Over six months after it was first revealed that Volkswagen used illegal software to cheat on emissions tests, the German carmaker still hasn’t come up with a fix for the nearly 600,000 non-compliant diesel cars in the U.S., even with increasing government pressure.
After VW missed a March 24 deadline set by U.S. District Court Judge Charles Breyer, the company was given until April 21 to come up with a plan to address its diesel cars’ excess emissions. But Volkswagen may miss that deadline too, a government official indicated to Reuters.
VW and regulators are in “really robust” talks, but may not agree on a fix before the April 21, EPA Administrator Gina McCarthy said. Judge Breyer is calling for a “concrete proposal” from Volkswagen by then that satisfies regulators. If that doesn’t occur, Breyer said he would consider holding a trial this summer.
In March, a California official said the state may accept a partial fix that doesn’t cover all cars, or one that reduces emissions by a smaller amount, because getting all cars compliant may be impossible. Any VW recall plan will have to be approved by both the California Air Resources Board (CARB) and the EPA. McCarthy would not comment on whether her agency is considering that possibility.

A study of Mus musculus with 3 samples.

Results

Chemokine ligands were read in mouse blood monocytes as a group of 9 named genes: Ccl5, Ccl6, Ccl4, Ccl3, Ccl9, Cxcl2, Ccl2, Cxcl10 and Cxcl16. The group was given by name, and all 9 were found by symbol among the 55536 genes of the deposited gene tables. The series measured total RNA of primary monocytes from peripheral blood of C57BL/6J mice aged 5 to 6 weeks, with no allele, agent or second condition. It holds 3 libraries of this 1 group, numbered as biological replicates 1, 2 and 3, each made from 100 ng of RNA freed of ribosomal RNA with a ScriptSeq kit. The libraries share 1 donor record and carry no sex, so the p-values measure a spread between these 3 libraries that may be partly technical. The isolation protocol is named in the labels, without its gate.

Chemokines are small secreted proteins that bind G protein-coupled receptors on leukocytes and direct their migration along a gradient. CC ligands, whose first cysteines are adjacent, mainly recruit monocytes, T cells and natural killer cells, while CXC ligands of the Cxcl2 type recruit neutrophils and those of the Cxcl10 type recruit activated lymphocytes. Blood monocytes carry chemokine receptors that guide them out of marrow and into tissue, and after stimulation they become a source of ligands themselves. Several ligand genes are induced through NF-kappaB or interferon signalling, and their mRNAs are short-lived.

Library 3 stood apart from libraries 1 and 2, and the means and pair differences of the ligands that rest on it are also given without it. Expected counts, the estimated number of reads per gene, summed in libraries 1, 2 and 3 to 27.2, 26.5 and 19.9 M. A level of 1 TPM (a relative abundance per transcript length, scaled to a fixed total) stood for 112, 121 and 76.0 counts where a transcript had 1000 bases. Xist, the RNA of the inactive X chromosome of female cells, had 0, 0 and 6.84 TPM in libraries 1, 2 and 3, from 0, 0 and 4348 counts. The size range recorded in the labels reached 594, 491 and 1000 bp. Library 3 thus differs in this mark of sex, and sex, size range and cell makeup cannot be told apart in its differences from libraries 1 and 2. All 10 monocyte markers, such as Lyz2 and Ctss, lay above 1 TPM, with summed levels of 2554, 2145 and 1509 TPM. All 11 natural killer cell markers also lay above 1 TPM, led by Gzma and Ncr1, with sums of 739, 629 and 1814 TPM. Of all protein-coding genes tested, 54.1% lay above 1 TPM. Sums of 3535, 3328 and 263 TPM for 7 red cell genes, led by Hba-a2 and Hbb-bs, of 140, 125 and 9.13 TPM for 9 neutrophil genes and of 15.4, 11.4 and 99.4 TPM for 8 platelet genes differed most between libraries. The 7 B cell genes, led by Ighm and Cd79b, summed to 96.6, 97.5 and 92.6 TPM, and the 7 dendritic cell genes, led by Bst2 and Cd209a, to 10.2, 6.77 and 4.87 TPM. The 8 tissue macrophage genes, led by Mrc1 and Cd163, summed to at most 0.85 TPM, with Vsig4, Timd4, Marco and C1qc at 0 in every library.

CARB and the EPA rejected a plan for the 482,000 cars equipped with 2.0-liter four-cylinder engines submitted by Volkswagen in November, citing its lack of detail. A plan for the 85,000 cars equipped with 3.0-liter V6 engines was submitted in February, but is still under review by the two agencies.
VW also faces issues in Europe, despite the less-stringent emissions standards there. It began a diesel recall in its home country of Germany in January, but that recall was recently halted. Reports claim German regulators found that the proposed fix lowered fuel economy, but Volkswagen claims it was because regulators decided to perform additional checks.